Last Updated: April 14, 2013 8:14am
Tiger should go
Sky Sports expert David Howell says that evidence given in Tiger Woods' post-round interview must see him disqualified from The Masters.
The world No 1 is facing elimination from the tournament following an incident at the 15th hole on Friday when his approach shot hit the flag and rolled into the water around the green.
"I went back to where I was and actually took two yards further back and tried to hit my shot another two yards off what I felt like I hit it."
Tiger Woods speaking after his round
The rules state that he had three options at that point; to play from the drop zone; to drop the ball any distance behind the water hazard in a straight line behind the point where the ball last crossed the water; or to drop as close as possible to the original ball
He went for the third option but, as he admitted in a TV interview afterwards, he decided to move two yards further back.
Woods said: "I went back to where I was and actually took two yards further back and tried to hit my shot another two yards off what I felt like I hit it."
That could be deemed a breach of the rules worthy of a two-shot penalty and as Woods has already signed his scorecard, Howell believes officials will have no choice but to disqualify him from the event when they listen to his post-round comments.
"I think that interview would lead you to say no, they can't keep him in the tournament," he told Masters Breakfast.
"The rule is very clear. He has taken the option to drop and play from where he played his last shot and it seems like Tiger has got a little bit confused in his mind.
"He's thinking stroke and distance and is thinking what he'd be able to do had he dropped back in line with where the ball last crossed the hazard.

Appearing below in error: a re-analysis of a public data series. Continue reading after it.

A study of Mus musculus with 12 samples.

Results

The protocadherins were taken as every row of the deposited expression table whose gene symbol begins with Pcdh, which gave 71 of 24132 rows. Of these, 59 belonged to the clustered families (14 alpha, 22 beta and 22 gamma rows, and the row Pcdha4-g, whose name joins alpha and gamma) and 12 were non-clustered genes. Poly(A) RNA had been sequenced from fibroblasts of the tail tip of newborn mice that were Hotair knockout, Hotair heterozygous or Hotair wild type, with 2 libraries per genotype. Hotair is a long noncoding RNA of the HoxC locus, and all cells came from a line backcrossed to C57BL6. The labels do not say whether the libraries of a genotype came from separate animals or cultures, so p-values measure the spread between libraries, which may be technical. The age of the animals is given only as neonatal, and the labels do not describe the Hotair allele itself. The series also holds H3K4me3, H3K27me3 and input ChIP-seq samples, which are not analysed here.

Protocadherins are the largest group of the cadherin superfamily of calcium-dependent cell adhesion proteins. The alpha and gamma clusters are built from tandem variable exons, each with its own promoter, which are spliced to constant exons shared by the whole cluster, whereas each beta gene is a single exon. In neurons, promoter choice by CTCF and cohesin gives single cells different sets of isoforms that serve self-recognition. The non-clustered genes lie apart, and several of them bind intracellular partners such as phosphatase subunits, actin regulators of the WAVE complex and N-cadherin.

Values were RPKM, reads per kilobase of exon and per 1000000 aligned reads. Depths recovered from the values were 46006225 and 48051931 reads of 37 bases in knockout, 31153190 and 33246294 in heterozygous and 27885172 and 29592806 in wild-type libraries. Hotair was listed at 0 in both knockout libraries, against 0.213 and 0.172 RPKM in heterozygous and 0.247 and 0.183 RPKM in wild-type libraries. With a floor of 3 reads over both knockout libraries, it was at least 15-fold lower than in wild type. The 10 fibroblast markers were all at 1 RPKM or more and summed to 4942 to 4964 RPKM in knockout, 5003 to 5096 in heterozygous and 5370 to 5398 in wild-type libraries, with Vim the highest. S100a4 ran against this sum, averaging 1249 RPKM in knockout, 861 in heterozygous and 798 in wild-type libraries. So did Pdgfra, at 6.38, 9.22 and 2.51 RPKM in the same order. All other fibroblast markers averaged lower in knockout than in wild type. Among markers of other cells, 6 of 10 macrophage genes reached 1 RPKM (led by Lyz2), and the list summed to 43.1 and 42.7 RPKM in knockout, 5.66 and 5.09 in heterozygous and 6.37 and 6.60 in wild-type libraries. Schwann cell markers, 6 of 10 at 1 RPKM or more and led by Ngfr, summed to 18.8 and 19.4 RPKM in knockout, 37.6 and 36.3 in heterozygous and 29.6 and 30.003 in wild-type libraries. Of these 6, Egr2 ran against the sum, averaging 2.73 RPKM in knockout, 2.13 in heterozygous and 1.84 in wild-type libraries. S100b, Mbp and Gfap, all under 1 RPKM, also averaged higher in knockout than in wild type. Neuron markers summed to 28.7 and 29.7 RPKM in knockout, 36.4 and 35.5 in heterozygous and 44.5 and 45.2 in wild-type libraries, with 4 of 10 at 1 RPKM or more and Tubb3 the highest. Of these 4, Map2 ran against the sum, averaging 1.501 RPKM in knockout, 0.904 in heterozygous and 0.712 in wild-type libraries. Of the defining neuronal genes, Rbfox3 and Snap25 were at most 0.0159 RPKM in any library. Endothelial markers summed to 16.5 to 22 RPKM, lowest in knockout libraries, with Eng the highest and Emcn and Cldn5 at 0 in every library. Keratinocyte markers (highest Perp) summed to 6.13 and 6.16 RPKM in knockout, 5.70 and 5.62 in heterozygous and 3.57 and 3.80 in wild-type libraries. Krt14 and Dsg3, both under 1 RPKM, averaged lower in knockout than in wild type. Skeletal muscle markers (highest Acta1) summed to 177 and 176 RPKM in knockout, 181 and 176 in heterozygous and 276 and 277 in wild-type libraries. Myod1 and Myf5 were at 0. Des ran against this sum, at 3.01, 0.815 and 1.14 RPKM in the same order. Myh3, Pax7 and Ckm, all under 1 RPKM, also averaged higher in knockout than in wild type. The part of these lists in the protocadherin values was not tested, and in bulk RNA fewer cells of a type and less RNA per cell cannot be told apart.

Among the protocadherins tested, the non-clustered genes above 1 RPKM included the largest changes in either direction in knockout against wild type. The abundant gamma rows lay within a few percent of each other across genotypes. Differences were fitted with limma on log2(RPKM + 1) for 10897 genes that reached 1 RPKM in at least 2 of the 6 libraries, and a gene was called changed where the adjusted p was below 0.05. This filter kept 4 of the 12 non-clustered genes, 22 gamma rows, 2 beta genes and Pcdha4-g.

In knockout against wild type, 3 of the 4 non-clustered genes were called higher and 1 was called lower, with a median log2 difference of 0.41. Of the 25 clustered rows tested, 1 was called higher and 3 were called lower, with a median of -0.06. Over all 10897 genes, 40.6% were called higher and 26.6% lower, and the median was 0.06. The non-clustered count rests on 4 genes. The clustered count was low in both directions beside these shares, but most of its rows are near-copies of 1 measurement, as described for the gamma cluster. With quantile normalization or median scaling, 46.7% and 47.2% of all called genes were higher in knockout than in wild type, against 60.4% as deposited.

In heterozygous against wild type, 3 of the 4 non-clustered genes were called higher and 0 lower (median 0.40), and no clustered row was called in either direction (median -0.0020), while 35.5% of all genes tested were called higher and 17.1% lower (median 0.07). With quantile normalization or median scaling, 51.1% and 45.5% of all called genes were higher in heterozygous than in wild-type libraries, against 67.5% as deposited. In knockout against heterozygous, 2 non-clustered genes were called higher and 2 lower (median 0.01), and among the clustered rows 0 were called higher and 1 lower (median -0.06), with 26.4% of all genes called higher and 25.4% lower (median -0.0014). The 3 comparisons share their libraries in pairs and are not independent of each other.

Hole 15 hurt Woods
"You can go back as far as you like in that instance, but he hasn't chosen that option. The way he describes it in that interview, he has in his mind decided to lengthen the shot by two more yards.
"He's gone two yards behind the divot, quite specifically I'd say as well. It is fractions, but his original shot pitched on the pin, which is further than he'd have wanted to pitch it.
"We all looked at it as a brilliant shot, but he's thinking he pitched it too far up. He wants to pitch it two or three yards short and he even said he'd taken it two yards behind the divot and he tried to take a couple more yards off the shot.
"He wants the ball to land short of the pin and he has massaged the distance he'd got for the fifth shot. You're not allowed to do that under the option that he took.
"It's a very, very fine margin, but the way his thought process came about during the interview... I don't see how they can keep him in the tournament.
"I think he will end up being DQ'd on the back of the evidence he gave in that interview."
Woods, pre-tournament favourite for his fifth Masters title, finished his round just three shots behind overnight leader Jason Day having earlier shared the lead with the Australian.